The NEARI Education Support Professional (ESP) of the Year award broke new ground this time around – winner Lou Rainone is both the first higher education employee and the first male to receive the honor in Rhode Island.

In an office cluttered with work files, clothing donated for a local group home, and gift bags dropped off for the NEARI Gingerbread Express, Rainone presides over the CCRI receiving department. As property control and supply officer for the last 16 years, Rainone accepts shipments at his loading dock for two campuses, then re-routes them to their final destination. Computer equipment needed system-wide arrives at his door, and he is responsible for storing it until needed.

But that is a dry description of what fills his day. Rainone makes a point of becoming involved in student activities, and forms connections along the way.

A 19-year-old student wrote, “…he helped me adjust to the overwhelming facility of CCRI and he took the time to make sure that I understood how things work…he broke things down for me in a way that made everything a lot easier to manage. Thanks to Mr. Rainone, my experience at CCRI has been a lot better and comforting, which is how a student should feel.”

Indeed, he earns this respect because he in turn respects the students. “This is one of the best state facilities to work in,” Rainone says. “CCRI is very important to the economy of Rhode island – for people who are just out of high school, or those who have lost jobs. They get a start here.”

His presence does not go unnoticed. Calling him “one of our best employees,” CCRI President Ray DiPasquale wrote in a recommendation letter, “Lou does an outstanding job as he serves each and every area of the college within the scope of his job responsibilities…Lou has continually shown strong character, caring, and a hard-working attitude.”

Rainone has put that hard-working attitude to good use in his role as a union leader. At NEARI he is the first ESP member to hold statewide office, completing his fourth term as association secretary, following two terms as assistant. He’s active on several committees, including NEARI PACE, budget, personnel, member rights, and the legislative commission.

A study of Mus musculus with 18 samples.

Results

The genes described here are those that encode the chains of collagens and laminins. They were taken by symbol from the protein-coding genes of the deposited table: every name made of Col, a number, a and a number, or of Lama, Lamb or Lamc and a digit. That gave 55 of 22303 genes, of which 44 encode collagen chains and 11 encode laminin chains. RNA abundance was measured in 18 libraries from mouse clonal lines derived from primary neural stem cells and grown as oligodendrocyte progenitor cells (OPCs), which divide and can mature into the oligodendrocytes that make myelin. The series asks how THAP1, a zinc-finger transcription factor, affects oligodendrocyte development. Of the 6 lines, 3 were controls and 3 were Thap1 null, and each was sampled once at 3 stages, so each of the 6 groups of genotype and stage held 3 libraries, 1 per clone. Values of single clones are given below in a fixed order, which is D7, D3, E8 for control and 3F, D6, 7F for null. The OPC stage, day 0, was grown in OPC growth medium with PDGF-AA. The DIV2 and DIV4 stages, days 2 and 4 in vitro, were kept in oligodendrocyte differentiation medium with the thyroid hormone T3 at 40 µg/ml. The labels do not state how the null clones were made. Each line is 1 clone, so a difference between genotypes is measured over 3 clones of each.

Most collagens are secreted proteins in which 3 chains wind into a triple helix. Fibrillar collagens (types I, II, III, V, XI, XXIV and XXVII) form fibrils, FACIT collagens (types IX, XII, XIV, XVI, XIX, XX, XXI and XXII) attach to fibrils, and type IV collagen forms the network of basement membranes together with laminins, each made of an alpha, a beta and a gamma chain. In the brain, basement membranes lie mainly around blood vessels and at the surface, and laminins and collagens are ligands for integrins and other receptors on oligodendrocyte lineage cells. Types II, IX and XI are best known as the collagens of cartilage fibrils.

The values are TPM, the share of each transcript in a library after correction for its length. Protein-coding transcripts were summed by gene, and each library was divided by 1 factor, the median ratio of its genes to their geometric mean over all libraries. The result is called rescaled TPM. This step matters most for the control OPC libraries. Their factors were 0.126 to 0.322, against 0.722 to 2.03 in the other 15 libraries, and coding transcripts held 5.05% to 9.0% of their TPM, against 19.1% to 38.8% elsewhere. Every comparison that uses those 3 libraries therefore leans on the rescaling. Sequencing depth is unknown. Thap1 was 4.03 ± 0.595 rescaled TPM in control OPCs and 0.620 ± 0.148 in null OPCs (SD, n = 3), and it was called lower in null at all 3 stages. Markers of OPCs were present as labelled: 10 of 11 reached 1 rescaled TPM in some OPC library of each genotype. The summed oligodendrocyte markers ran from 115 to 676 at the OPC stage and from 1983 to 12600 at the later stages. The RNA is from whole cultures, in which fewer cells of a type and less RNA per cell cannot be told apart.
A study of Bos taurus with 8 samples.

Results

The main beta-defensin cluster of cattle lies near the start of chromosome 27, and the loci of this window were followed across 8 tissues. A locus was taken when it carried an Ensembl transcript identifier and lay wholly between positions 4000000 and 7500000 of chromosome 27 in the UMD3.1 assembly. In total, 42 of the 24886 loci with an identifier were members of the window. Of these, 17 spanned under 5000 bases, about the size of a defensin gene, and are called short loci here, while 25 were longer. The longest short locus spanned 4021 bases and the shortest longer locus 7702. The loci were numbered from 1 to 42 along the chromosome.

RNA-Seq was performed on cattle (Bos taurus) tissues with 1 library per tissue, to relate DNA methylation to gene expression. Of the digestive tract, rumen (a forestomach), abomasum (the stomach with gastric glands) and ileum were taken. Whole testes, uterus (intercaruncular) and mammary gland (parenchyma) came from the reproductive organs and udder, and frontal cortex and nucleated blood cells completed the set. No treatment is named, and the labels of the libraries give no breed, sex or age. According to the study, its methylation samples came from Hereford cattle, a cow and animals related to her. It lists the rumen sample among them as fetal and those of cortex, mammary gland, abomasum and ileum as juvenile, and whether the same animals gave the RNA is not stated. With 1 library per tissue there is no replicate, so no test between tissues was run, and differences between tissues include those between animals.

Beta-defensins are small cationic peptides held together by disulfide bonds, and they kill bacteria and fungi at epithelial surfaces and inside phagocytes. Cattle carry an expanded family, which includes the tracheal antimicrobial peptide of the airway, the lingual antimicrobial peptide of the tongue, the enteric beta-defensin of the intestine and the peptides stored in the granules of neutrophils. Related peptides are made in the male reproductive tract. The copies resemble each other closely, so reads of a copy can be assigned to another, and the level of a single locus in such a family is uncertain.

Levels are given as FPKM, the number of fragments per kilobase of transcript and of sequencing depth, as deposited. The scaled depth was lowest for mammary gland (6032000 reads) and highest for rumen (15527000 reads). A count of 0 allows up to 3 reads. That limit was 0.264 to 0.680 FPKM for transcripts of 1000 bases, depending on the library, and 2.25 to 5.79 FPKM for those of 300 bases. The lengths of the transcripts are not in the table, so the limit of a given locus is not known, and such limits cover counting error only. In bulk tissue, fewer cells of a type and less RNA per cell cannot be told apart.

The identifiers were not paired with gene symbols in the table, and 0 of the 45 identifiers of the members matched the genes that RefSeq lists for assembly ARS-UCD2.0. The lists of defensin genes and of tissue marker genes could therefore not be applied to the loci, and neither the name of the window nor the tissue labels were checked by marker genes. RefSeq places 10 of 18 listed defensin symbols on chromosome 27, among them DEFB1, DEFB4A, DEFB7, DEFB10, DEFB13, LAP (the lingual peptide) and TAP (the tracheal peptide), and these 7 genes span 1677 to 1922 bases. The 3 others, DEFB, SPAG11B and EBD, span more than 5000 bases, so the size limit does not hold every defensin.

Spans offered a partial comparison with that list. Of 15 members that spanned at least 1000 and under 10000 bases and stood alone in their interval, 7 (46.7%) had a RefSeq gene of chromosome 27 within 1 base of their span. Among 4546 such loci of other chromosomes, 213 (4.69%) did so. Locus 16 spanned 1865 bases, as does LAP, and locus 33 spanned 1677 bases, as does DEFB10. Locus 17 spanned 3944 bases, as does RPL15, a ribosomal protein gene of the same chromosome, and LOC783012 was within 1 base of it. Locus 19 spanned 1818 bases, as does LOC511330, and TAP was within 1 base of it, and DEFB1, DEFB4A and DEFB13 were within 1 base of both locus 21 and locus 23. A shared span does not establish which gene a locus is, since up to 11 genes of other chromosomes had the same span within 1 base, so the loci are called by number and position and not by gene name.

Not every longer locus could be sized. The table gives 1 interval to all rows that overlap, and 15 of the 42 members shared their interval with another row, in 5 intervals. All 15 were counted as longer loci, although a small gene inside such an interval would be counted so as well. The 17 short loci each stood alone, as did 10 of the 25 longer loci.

His activism extends beyond just showing up, however. Rainone takes on labor issues for ESP, state employees, and teachers alike, often as one of the most vocal on the scene. He has attended bargaining sessions all over the state, mediation at the state Department of Labor and Training, school committee meetings, and picket lines. He is active in the state AFL-CIO, the Institute for labor Studies and Research, the RI Labor History Society, and Jobs for Justice.

Rainone has been president of CCRI ESPA from 2007-present, and from 2002-2004, as well as vice president from 1998-2002. Some of his achievements as local leader include negotiating a sick bank, working on health and safety issues, and developing a program to provide all new hires with union information and benefit counseling.

Donna Scattone, fellow CCRI ESPA officer, praised Rainone as “dedicated, focused and motivated to help our members any way he can.” Rainone says, “The support staff plays an integral role in the day-to-day operations of the college. My job is to make sure they get the respect they deserve. I take this role very seriously and will do everything within my power to make it happen.

“This accomplishment means everything to me as a union award,” he commented. “This is the pinnacle of my union career. It is about what I enjoy the most – representing members. I hope this inspires others in higher education to get involved – in their institutions as well as their communities and their unions.”

Education Support Professionals (ESPs) are school secretaries, clerks, para-professionals, bus drivers, cafeteria workers, custodians, and maintenance workers.